Jul 30, 2014

The event will include live entertainment, a dumpling making contest, and a pet idol competition.

Walnut to Celebrate Chinese New Year Saturday

Walnut plans to get a jump start on the celebration of the upcoming Chinese New Year.

The Sing Tao Chinese New Year Festival comes to Creekside Park from 10 a.m. to 4 p.m. Saturday, ushering in the year of the snake.

Admission to the event, organized by the Sing Tao Daily newspaper, the Chinese-American Parents Association of the Walnut Valley Unified School District, and the city of Walnut, is free. 

The festival will feature live entertainment, a dumpling making contest, a pet idol competition, an animal adoption event, and a K-9 showcase. Organizers plan to have both a food court and gourmet food trucks.

"I think it will be a very good event for the entire family," Mayor Mary Su said.

Chinese New Year officially comes on Feb. 10.

The dates of the holiday change every year on the Chinese calendar, which is based on solar and lunar goings on, according to a Huffington Post Canada article. The traditional calendar is used for major Chinese holidays.

More than a billion and a half people worldwide celebrate Chinese New Year, the website reported. The Year of the Snake is the halfway mark of the 12 Chinese astrological signs.

At a Walnut City Council meeting earlier this month, the city honored Sing Tao Daily, in part for its sponsorship of the festival each year. U.S. Rep. Ed Royce, R-Fullerton, presented Sau Kit Cheung, chief executive officer of Sing Tao, with a certificate of a appreciation along with the council members.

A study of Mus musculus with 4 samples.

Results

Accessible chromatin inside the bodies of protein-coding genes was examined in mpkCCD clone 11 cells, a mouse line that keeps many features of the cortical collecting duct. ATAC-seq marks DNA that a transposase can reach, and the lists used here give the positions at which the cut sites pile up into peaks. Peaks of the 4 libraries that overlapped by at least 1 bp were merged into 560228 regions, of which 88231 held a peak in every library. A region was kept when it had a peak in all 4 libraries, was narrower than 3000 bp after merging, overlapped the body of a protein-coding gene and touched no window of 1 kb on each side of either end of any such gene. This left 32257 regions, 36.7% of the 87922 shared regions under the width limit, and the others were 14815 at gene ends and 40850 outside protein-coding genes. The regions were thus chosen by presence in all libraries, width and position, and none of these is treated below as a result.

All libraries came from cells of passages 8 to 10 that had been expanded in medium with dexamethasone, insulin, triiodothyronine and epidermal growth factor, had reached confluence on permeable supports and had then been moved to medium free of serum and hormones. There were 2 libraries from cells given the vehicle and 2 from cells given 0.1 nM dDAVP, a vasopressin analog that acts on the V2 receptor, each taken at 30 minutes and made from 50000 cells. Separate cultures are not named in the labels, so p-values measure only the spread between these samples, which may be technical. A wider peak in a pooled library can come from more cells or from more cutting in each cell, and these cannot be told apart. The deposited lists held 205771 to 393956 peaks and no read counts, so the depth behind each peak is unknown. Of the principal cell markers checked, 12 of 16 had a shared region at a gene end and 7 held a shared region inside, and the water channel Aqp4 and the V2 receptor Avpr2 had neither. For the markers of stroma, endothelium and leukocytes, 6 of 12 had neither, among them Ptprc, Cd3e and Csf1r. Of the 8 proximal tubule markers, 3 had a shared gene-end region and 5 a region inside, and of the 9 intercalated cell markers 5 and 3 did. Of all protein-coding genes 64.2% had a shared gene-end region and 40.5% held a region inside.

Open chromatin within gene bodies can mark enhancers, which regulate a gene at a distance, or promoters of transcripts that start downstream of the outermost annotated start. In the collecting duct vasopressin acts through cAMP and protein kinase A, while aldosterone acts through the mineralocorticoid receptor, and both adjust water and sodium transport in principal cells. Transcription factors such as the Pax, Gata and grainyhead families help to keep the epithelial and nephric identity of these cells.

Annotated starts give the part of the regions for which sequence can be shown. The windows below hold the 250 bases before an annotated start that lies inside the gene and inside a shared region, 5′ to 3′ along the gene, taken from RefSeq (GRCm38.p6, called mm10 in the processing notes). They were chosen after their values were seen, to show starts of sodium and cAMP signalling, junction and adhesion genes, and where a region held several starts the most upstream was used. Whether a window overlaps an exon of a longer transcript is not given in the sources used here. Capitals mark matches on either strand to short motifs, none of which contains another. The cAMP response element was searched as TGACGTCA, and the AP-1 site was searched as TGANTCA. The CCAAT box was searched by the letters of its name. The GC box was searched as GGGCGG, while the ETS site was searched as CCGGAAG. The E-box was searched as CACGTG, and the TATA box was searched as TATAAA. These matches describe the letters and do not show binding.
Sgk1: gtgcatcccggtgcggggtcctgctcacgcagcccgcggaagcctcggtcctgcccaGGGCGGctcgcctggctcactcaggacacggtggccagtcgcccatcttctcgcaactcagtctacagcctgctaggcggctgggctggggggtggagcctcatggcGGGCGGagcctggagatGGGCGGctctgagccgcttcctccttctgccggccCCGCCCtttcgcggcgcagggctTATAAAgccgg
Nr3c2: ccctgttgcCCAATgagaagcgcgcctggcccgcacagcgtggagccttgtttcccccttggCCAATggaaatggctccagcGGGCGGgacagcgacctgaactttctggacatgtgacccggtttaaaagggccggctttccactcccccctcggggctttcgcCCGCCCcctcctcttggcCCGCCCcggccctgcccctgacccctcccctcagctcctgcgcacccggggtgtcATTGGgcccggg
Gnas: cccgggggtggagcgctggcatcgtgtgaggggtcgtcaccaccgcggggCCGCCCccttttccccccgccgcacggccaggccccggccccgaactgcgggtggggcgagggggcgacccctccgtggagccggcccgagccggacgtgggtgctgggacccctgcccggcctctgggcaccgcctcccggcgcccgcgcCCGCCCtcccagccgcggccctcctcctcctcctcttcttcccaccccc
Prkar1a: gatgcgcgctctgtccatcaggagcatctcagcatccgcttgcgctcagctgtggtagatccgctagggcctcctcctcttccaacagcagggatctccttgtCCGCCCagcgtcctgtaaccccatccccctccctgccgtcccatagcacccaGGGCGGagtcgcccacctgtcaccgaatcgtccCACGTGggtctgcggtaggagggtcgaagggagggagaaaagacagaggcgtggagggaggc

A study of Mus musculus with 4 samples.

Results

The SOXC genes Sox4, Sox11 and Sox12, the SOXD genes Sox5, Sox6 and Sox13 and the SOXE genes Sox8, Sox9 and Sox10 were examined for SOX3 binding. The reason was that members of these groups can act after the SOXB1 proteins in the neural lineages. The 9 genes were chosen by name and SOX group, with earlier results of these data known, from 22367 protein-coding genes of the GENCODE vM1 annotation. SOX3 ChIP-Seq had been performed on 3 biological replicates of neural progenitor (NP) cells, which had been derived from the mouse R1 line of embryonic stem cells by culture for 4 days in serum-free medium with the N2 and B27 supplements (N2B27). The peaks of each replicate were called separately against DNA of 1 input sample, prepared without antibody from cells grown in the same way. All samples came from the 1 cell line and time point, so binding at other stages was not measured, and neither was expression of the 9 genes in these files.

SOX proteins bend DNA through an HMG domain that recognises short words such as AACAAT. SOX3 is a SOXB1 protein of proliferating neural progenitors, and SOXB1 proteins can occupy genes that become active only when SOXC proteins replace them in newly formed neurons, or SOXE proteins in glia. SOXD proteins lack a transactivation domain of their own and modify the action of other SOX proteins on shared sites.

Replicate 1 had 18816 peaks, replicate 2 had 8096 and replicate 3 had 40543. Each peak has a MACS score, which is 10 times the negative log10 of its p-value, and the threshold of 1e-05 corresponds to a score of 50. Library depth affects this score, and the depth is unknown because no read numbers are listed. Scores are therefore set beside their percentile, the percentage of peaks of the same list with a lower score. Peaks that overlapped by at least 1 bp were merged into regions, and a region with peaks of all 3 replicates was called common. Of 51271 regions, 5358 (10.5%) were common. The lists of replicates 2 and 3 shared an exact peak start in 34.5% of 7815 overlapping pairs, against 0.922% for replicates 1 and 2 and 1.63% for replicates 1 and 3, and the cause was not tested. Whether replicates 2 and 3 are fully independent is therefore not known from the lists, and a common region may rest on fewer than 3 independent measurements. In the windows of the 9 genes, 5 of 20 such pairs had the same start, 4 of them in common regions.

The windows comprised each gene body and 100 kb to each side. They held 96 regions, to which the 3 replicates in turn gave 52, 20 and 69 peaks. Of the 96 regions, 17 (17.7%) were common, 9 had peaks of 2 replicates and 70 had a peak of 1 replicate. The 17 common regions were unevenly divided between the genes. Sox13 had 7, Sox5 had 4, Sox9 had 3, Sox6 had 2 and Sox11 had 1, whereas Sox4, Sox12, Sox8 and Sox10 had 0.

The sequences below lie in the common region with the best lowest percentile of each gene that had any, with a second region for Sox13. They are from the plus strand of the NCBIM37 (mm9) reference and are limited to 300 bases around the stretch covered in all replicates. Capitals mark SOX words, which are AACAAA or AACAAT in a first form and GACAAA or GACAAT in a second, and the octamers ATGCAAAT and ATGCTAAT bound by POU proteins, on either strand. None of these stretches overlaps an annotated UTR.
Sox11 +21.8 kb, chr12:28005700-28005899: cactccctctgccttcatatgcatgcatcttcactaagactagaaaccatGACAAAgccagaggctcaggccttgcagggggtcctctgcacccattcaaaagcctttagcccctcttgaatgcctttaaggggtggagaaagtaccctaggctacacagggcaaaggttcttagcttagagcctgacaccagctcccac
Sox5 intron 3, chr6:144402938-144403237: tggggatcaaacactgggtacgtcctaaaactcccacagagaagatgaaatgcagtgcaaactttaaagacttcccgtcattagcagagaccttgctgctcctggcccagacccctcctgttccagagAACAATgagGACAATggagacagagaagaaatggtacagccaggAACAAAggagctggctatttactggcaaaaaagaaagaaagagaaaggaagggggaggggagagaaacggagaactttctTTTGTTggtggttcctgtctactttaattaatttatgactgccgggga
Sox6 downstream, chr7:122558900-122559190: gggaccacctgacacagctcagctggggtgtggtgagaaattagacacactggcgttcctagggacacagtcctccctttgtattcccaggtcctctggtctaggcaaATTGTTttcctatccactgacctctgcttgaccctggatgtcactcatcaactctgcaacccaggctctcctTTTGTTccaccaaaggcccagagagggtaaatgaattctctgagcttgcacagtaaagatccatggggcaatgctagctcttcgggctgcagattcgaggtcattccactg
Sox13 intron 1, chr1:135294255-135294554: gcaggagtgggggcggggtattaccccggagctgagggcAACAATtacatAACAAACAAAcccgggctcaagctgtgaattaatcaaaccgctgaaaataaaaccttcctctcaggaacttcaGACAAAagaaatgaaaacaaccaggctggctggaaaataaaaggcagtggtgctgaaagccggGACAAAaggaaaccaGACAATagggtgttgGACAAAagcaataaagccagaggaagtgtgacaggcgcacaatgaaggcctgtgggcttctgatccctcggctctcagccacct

"It's a tremendous Chinese New York festival that your organize in this community," Royce said.

Councilman Eric Ching lauded the media company for sponsoring the festival for four years.

"This is enjoyed not by just our residents but residents from Covina, West Covina, Rowland Heights, even as far as Alhambra," he said. "People want to travel here and enjoy our festival."

Chinese New Year officially comes on Feb. 10.

Cheung said through an interpreter that Sing Tao's hope with the festival is that it brings a diverse community together.

"People coming to the festival (are) not only Chinese but also people from other (ethnicities)," he said. "We would like to see all of the (ethnic groups) in the community have more chances to get together.  We hope we can organize more events of this kind in the future and let people in the community have more fun together and communicate."